The hidden cost of employee drinking:A quantitative analysis, which was published in Drug and Alcohol Review today, found that New Zealand employees who either missed a day of work after drinking or turned up with a hangover were costing about $1.65 billion a year in lost productivity. 

Lead author Dr Trudy Sullivan, of the Department of Preventive and Social Medicine at the University of Otago. Photo/Supplied

The study, done by the University of Otago, concluded that those who turned up to work with reduced performance (presenteeism) actually cost more than those who took a day off (absenteeism).

Lead author Dr Trudy Sullivan, of the Department of Preventive and Social Medicine, said the research showed the unexpected hidden costs of alcohol-affected employees turning up to work but being much less effective at carrying out their duties.

“The hidden bit is the presenteeism, this is four times the cost of absenteeism,” she said.

“You notice if people don’t turn up to work, but it’s much harder to spot when people aren’t working to their full ability because they are hungover, for example.”

Presenteeism encompasses many factors—reduced output and quality of work, job errors, injury, the negative effect on co-workers, inefficient use of resources, and damaged property.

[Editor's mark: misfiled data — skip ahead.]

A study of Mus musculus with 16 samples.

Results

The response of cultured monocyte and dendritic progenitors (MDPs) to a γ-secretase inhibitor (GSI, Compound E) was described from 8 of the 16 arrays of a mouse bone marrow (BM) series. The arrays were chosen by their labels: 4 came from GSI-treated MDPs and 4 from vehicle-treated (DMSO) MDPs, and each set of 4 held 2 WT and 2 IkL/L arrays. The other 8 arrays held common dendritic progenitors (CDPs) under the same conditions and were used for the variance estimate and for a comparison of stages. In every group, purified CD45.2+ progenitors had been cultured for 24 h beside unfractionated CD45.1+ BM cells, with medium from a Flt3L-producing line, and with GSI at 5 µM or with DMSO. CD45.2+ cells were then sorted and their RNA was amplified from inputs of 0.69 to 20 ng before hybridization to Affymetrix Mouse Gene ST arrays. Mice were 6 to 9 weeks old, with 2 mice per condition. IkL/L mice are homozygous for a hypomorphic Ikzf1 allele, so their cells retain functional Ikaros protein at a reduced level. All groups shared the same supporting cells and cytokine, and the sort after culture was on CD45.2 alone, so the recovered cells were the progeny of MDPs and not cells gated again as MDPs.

“I hope this research encourages people to think about the consequences, what it means for themselves, their coworkers and their employers.”

Businesses could start by redeveloping their own policies, reducing workplace stress and advocating healthy lifestyles while also making people aware of the effects of employee drinking, Sullivan said.

Co-author Dr Fiona Edgar, of the Department of Management, said a multifaceted approach needed to be taken to reduce the costs of lost productivity.

“It’s not about targeting individuals – research in this area suggests change needs to occur both at the workplace and societal levels.

“People spend so much of their time at work that makes it a good place to introduce programmes aimed, for example, at promoting a healthy lifestyle.

“We see initiatives which are aimed at tackling some of the main drivers, such as stress as a good starting point,” she said.

The research was based on an online survey completed by 800 New Zealand employees and 227 employers across a range of industries.

The costs of lost productivity directly attributable to alcohol use were estimated using days off work (absenteeism), lost hours of productive time while at work (presenteeism) and hours spent by employers dealing with alcohol-related issues.

The estimated annual average cost of lost productivity per employee was NZ$1097.71 (NZ$209.62 absenteeism, NZ$888.09 presenteeism) and NZ$134.62 per employer (dealing with the consequences of an employee’s drinking). At a population level this equates to approximately NZ$1.65 billion per year. 

Being male, under 25, having a stressful job or binge drinking were all linked to lower performance at work.